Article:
We are on the cusp of something huge  ̶  something that could change the face, not only of the global economy, but every aspect of our daily lives  ̶  The Fourth Industrial Revolution or Industry 4.0.

That, at least, was the theory put forward by Professor Klaus Schwab, founder and Chief Executive of the World Economic Forum (WEF). Speaking at the WEF  Davos event earlier this year, Schwab said the Fourth Industrial Revolution is already upon us and technology will be the driving force of this new age.

Since Schwab’s pronouncement, the world’s press has picked up on the concept, with coverage in media outlets including The Guardian and Wall Street Journal. As a result, it has also gained traction among business leaders, politicians and economists. And it’s gaining traction because Schwab is absolutely correct.

Indeed, we can see the race for digital transformation taking place at unprecedented levels. Cloud computing, social media, mobile tech, data science and the Internet of Things are revolutionising every aspect of our day-to-day lives. This technology is changing entertainment, shopping, transport, agriculture, banking, healthcare and, most notably, human interaction.

Further, we’re seeing breakthroughs in areas including artificial intelligence, quantum computing, robotics and genetics. These technologies are in their infancy but I predict that their impact, as they mature, will be massive. 

Battling the digital divide

However, while the Fourth Industrial Revolution promises to create huge economic opportunities, it could also create sizable inequalities.

The digital divide in the UK is something that has been long talked about, and this coming revolution could cause that gap to widen. Robotics and machine intelligence may well replace some of the jobs that exist today. In addition, those who are already digitally marginalised, such as the elderly and those on lower incomes, could easily become more so.

For me, as the Fourth Industrial Revolution advances, the key to its success is ensuring that it reduces, rather than exacerbates, this divide. 

Our responsibility 

The European tech industry has much to gain from the coming revolution. As such, it must play a pivotal role in ensuring the wave of change benefits the whole of society.

One example of how the industry is already stepping up is the Pledge 1% initiative. Recently launched in the UK, 28 local small business leaders – a high percentage of whom are from technology companies – joined 592 of their international peers in committing 1% of equity, product and employee time to their communities. More than making just a monetary commitment, many of the companies involved are bettering their communities with technology and technology know-how. For the resource-strapped non-profit organisations they support, this kind of integrated philanthropy can have a significant impact.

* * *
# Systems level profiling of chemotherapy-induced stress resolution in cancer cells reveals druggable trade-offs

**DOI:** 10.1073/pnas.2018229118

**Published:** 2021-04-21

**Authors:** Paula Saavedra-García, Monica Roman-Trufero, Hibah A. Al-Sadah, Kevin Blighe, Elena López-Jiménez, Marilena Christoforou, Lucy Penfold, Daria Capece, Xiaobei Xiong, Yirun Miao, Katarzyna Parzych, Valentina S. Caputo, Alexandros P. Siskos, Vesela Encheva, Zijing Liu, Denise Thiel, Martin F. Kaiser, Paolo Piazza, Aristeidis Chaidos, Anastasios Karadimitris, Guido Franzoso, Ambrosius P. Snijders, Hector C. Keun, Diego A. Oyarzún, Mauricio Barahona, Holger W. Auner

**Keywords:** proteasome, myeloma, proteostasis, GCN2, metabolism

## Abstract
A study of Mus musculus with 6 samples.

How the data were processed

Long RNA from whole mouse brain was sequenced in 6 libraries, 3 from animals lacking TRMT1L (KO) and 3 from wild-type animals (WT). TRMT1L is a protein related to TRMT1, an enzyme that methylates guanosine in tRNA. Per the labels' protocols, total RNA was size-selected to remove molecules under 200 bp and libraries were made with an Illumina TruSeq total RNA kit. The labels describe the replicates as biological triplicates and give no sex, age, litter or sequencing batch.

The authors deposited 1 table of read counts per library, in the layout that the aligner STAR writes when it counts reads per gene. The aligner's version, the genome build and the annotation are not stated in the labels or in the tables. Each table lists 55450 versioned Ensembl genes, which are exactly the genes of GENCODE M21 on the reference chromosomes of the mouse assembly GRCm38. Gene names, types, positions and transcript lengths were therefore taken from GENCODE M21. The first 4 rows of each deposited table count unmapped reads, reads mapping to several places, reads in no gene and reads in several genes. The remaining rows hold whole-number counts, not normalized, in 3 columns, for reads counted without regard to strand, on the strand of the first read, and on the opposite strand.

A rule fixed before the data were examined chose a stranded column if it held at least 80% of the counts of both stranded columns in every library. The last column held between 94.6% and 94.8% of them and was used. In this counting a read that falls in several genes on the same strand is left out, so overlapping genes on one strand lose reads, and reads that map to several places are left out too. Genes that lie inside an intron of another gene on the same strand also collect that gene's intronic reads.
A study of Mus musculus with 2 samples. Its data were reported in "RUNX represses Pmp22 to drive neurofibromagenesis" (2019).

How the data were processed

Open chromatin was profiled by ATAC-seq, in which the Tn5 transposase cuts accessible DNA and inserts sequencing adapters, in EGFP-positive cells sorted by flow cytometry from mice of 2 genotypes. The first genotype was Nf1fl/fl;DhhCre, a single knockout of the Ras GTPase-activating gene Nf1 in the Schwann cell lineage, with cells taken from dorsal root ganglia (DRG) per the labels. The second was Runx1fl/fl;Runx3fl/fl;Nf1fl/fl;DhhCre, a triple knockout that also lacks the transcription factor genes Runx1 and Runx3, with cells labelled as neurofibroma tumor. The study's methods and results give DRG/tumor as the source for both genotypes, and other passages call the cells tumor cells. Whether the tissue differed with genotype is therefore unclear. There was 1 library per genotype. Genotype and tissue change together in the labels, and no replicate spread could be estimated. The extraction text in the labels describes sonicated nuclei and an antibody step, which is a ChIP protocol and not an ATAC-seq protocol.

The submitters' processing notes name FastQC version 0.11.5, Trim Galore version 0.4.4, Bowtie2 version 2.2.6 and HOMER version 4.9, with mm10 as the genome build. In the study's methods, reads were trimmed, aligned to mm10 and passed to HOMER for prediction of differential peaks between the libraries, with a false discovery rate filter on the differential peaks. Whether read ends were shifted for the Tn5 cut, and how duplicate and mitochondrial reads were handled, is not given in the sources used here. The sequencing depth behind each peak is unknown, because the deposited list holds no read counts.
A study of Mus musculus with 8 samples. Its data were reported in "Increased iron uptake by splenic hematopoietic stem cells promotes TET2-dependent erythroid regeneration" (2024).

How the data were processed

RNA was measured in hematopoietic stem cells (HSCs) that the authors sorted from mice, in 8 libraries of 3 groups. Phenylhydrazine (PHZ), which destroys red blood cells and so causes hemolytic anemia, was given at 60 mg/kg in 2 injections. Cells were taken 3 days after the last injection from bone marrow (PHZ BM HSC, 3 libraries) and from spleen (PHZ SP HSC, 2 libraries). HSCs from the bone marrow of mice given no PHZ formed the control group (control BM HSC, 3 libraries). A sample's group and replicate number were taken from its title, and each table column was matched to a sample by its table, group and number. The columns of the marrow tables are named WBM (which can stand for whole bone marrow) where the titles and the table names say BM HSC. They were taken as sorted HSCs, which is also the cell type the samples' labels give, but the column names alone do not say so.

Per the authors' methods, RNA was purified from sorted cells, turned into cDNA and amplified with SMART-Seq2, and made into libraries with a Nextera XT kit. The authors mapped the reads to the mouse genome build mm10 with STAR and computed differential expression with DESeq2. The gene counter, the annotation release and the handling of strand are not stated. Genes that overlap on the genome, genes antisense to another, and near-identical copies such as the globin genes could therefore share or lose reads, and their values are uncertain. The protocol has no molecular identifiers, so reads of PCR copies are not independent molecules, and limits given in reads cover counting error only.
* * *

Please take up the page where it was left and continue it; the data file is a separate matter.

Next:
In fact, many non-profits today benefit from donated technology – or tech that has been created or customised by volunteers for their use. Two notable examples:

  • The Polaris Project – data aggregation enables Polaris to improve both the speed and the quality of its response to human trafficking situations. Using a customised version of technology originally designed for digital marketers to create a single view of customers, in this instance it allows case management, hotline and policy teams to track data together. The result? Faster response times to help those who are in desperate need.
  • Sanergy – this charity looks at a number of key issues in disadvantaged communities in Kenya, including sanitation. One of its cloud-enabled projects enables citizens to manage, process and sell waste as organic fertiliser or renewable energy – both of which are in huge demand in East Africa. 

I am continually amazed by the number of technology influencers I meet who want to apply their technology expertise to make the world a better place.  

And I sincerely hope they do get involved.  When people look back on the Fourth Industrial Revolution, we will be judged not only the scale of innovation, but also on how we helped ensure those innovations benefitted everyone in our communities.